In two recent cases, the United States Tax Court (Tax Court) has explored the bounds of the anonymity protection afforded to potential whistleblowers under the court’s rules and other authorities. Tax Court Rule 345 relates to privacy protections for filings in whistleblower actions. Under paragraph (a), a whistleblower may move the court for permission to proceed anonymously. In order to proceed anonymously, the whistleblower must provide a sufficient, fact-specific basis for anonymity. Specifically, the Tax Court has held that “[a] whistleblower is permitted to proceed anonymously if the whistleblower presents a sufficient showing of harm that outweighs counterbalancing societal interest in knowing the whistleblower’s identity.” (Whistleblower 10949-13W v. Commissioner, T.C. Memo 2014-94, at 5). However, the balance of harm to societal interest may shift as the case progresses, thereby justifying disclosure after anonymity has been granted. See Tax Court Rule 345(b).
The Tax Court has only published six opinions addressing a whistleblower’s motion to proceed anonymously. Most recently, the Tax Court has addressed a whistleblower’s motion to proceed anonymously in Whistleblower 12568-16W v. Commissioner, 148 T.C. No. 7 (March 22, 2017) (“Case A”) and Whistleblower 14377-16W v. Commissioner, 148 T.C. No. 25 (June 28, 2017) (“Case B”).
In Case A, the whistleblower was a prior employee of a related entity of the taxpayer. The whistleblower obtained information regarding tax violations by the taxpayer and its affiliates in the normal course of his employment. The whistleblower made a motion under Rule 345 claiming that he may be subjected to retaliation, physical harm, social and profession stigma, and economic distress if his identity did not remain anonymous. Even though the Internal Revenue Service (IRS) had no objection to the court granting the whistleblower’s motion, the court still weighed the harm to the whistleblower against the social interest of the public in knowing the identities of persons using the courts. The court ultimately allowed the whistleblower to proceed anonymously, holding that he had a legitimate basis for fearing retaliation by the taxpayer if his identity was disclosed. The court noted that “[d]isclosing the petitioner’s identity would also likely cause severe damage to petitioner’s standing in his professional community, as well as embarrassment both professionally and personally.”
In Case B, the whistleblower, a retired CPA assisting his spouse in the management and operation of a registered investment advisory firm, moved under Rule 345 to proceed anonymously in his claim that a corporate taxpayer evaded $100 million in taxes. The whistleblower learned of the corporate taxpayer’s tax abuse from the public domain, including reviewing filings with the US Securities and Exchange Commission. Simultaneously, the same whistleblower had 11 claims pending before the Tax Court involving over two dozen taxpayers, none of which were his employers. The whistleblower claimed that disclosure of his identity would have a negative impact on his spousal relationship, domestic circumstances and professional practice. The court again noted that while it must resolve the competing societal interests at stake, the public has an interest in knowing the identity of persons using the courts. The court found that the whistleblower made no plausible claim that he would be threatened physically, nor that disclosure of his identity would severely damage his professional standing in the community in which he conducts himself professionally.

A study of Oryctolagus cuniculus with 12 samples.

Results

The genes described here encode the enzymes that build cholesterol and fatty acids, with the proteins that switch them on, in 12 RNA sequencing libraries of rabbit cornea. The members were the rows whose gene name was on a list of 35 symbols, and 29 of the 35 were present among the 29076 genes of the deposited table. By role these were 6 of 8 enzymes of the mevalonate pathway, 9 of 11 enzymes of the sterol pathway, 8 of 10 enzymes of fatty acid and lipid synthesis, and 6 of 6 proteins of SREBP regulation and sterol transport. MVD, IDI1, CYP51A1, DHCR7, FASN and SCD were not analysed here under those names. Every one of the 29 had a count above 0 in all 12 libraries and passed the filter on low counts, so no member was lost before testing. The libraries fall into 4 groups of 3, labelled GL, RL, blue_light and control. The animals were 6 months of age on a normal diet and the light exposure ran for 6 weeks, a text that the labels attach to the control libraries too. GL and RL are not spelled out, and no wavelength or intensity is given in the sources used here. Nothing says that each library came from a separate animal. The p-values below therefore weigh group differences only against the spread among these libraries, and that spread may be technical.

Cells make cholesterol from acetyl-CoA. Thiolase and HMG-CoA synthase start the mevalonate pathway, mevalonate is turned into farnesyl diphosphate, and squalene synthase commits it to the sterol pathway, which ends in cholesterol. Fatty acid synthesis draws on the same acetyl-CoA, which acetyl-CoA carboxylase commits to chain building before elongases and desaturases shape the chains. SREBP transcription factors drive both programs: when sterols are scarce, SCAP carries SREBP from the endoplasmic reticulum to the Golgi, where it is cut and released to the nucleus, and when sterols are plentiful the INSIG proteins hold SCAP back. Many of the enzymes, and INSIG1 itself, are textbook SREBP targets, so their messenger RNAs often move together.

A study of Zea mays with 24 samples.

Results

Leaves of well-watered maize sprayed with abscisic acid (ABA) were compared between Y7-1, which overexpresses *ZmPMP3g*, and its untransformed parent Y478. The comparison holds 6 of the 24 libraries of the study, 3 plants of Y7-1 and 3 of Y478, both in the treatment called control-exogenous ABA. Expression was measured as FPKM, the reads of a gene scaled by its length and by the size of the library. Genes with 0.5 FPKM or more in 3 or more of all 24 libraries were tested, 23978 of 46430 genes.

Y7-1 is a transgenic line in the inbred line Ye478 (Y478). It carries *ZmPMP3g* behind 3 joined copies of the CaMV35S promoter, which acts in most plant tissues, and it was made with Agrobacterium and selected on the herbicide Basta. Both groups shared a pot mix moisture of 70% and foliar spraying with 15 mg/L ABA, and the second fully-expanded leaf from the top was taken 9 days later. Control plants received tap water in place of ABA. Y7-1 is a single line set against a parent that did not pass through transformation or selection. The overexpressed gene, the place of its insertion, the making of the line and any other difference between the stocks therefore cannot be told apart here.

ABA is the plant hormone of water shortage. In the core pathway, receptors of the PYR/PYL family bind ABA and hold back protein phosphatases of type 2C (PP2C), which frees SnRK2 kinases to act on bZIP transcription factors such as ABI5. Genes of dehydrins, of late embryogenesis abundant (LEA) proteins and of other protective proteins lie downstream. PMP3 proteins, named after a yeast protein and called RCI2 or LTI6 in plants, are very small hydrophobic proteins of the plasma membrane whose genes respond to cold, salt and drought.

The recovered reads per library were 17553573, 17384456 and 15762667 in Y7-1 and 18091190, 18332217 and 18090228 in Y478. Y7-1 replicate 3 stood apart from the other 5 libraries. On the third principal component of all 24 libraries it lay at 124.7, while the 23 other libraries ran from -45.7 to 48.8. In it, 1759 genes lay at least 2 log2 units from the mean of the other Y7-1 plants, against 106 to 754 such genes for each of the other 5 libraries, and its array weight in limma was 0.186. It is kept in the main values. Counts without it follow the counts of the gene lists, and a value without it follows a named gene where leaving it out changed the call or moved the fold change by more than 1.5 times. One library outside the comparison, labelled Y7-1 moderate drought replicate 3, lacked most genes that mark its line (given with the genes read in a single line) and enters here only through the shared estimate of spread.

The Tax Court distinguished Case B from the previous five reports, including Case A, noting that the whistleblower in Case B had not identified a taxpayer who, upon learning his identity, would have the power or likelihood to retaliate against him. Without disregarding the likely embarrassment or annoyance the Case B whistleblower might suffer as a result of the court denying his motion, the Tax Court held against the whistleblower given his unusual position. Specifically, the court highlighted the Case B whistleblower’s lack of employment or close relationship to the taxpayers, suggesting a lack of familiarity with the taxpayer’s business or rationale for taking the claimed abusive positions.
Without discounting the need for anonymity in cases like Case A, the Tax Court reinforced the need for a whistleblower to have a legitimate and well-substantiated concern that disclosure would result in retaliation by the taxpayer.
Practice point: As these two cases demonstrate, anonymity protections for whistleblowers in tax cases are not absolute and may be denied in appropriate cases. In Case B, the Tax Court’s justification was potential abuse of the whistleblower process by the filing of possibly frivolous claims; however, this rationale could be applied more broadly in an appropriate case. For example, we have previously discussed the potential abuse of process involved with use of whistleblower information from privileged sources. Taxpayers facing whistleblower claims should be aware of the confidentiality protections afforded to potential whistleblowers and their limits when considering defenses to potential whistleblower claims.